U.S. auto sales fell in May, marking the second monthly decline this year and reinforcing the idea that the demand for cars and trucks, while still historically robust, has reached a plateau.
The declines at General Motors Co., Ford Motor Co. and Toyota Motor Corp. were all greater than analysts predicted, sending their shares lower. Industrywide sales dropped 6% to 1.54 million, the first decline since January, researcher Autodata Corp. reported.
The results for May, whose Memorial Day weekend promotions make it a bellwether for gauging buyer appetite, show consumer demand for cars leveling off faster than executives predicted. The automakers’ reports join other economic data, including jobs numbers coming Friday, that Federal Reserve policy makers will examine when considering a possible rate hike this month or next.
“The economy is still a new building; it’s still coming to fruition,” Rebecca Lindland, senior analyst for auto researcher Kelley Blue Book, said in an interview. “It’s not something anyone would describe as this really strong, robust growth machine yet.”
The economy expanded modestly across most of the U.S. since mid-April, tightening the labor market and nudging wages higher, a Federal Reserve report showed today. Prices in federal funds futures contracts suggest a 24% chance of a rate increase this month and 53% by the policy makers’ July session.
Detroit-based GM ’s deliveries plunged 18%, missing estimates for a 13% drop. Light-vehicle sales slid 6.1% at Ford, 9.6% at Toyota and 4.8% for Honda Motor Co. Deliveries at Nissan Motor Co. matched predictions for a 1% drop, while Fiat Chrysler Automobiles NV surprised forecasters with a small gain.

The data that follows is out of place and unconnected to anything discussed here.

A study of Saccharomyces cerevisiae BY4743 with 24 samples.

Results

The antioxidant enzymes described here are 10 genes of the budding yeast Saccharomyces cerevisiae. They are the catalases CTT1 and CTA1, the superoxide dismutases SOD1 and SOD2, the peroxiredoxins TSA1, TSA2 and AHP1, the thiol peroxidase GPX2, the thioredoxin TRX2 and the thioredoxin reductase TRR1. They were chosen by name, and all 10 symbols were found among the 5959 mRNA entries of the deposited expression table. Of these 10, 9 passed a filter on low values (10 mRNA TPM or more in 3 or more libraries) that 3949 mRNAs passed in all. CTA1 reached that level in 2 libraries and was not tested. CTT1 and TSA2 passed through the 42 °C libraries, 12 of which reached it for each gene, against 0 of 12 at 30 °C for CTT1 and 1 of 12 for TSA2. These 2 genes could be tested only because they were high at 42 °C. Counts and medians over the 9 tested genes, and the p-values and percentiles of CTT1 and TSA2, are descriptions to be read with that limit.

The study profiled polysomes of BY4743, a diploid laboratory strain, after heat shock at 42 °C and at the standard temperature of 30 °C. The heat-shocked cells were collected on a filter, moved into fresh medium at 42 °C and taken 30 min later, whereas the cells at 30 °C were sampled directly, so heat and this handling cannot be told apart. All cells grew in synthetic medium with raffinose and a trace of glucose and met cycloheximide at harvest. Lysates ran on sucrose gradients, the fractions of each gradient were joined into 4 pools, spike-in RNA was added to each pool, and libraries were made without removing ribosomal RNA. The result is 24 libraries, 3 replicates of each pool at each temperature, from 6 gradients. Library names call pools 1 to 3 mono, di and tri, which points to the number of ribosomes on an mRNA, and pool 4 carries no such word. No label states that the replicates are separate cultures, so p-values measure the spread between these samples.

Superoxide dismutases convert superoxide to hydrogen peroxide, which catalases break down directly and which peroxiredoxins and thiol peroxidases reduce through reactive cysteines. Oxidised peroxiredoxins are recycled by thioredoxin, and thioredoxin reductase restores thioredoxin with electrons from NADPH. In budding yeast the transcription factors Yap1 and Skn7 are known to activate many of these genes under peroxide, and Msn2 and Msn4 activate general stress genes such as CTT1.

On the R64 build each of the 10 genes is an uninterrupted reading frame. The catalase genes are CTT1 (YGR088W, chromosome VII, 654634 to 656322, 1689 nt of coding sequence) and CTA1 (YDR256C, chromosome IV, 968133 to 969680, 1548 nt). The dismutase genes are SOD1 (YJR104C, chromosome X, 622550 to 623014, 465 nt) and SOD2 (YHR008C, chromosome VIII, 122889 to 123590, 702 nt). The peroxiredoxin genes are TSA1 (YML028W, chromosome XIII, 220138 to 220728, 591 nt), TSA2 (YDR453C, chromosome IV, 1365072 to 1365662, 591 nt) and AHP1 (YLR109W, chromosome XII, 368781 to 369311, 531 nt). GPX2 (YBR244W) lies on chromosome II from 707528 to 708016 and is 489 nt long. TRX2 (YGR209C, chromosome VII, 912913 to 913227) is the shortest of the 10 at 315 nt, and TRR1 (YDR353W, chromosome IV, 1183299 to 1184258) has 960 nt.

Automaker shares declined, with GM falling 3.4%, the most since January, while Ford dropping 2.8%.
All of the six largest carmakers had been predicted to report declines for May, which had two fewer sales days than the year before.
“Obviously we’re hoping for improvement” in the industry’s sales rate as the year goes on, Mark LaNeve, Ford’s U.S. sales chief, told analysts and reporters on a conference call. “I talk to the dealers about this all the time: What needs to be low is still low--unemployment, interest rates, gas prices--and what needs to be high is still high--consumer confidence, the housing market.”
One reason deliveries have softened is that carmakers aren’t trying to push sales with big rebates, said Kevin Tynan, auto analyst with Bloomberg Intelligence, a unit of Bloomberg LP. “Rather than chasing volume for the sake of volume, they are making better margins," he said in a phone interview.
Among the highlights from today’s reports:
Sales of Ford and Lincoln passenger cars plunged 25%, led by the Taurus sedan, once the company’s flagship.
F-Series pickup sales rose 9 percent and van sales had their best May since 1978, aided by the full-size Transit.
GM’s retail sales fell 13% and the company continued to pull back on deliveries to rental-car fleets.
The largest U.S. automaker said it sold 22,000 fewer rental cars in the month, the biggest reduction in the past two years.
Every Nissan-badged car except Maxima and Versa declined, leaving the brand with a 2.9% decline in car deliveries.
Nissan brand light-truck sales set a May record, with Rogue crossover sales rising 5.9%.
Fiat Chrysler’s 1.1% gain surprised analysts, who predicted a 0.7% decline.
Jeep sales, the Italian-American carmaker’s profit engine, rose 14% from a year earlier, while minivan deliveries jumped 84%.
Volkswagen AG’s namesake brand sales fell 17% the seventh consecutive monthly decline as the German automaker struggles to recover from a diesel-emissions test scandal. On average, analysts had predicted a 21% slide.
Sales by Honda’s Acura luxury division dropped 20%. The decline was smaller among its namesake-brand cars, down 0.4%. The Civic car posted a 2.7% gain.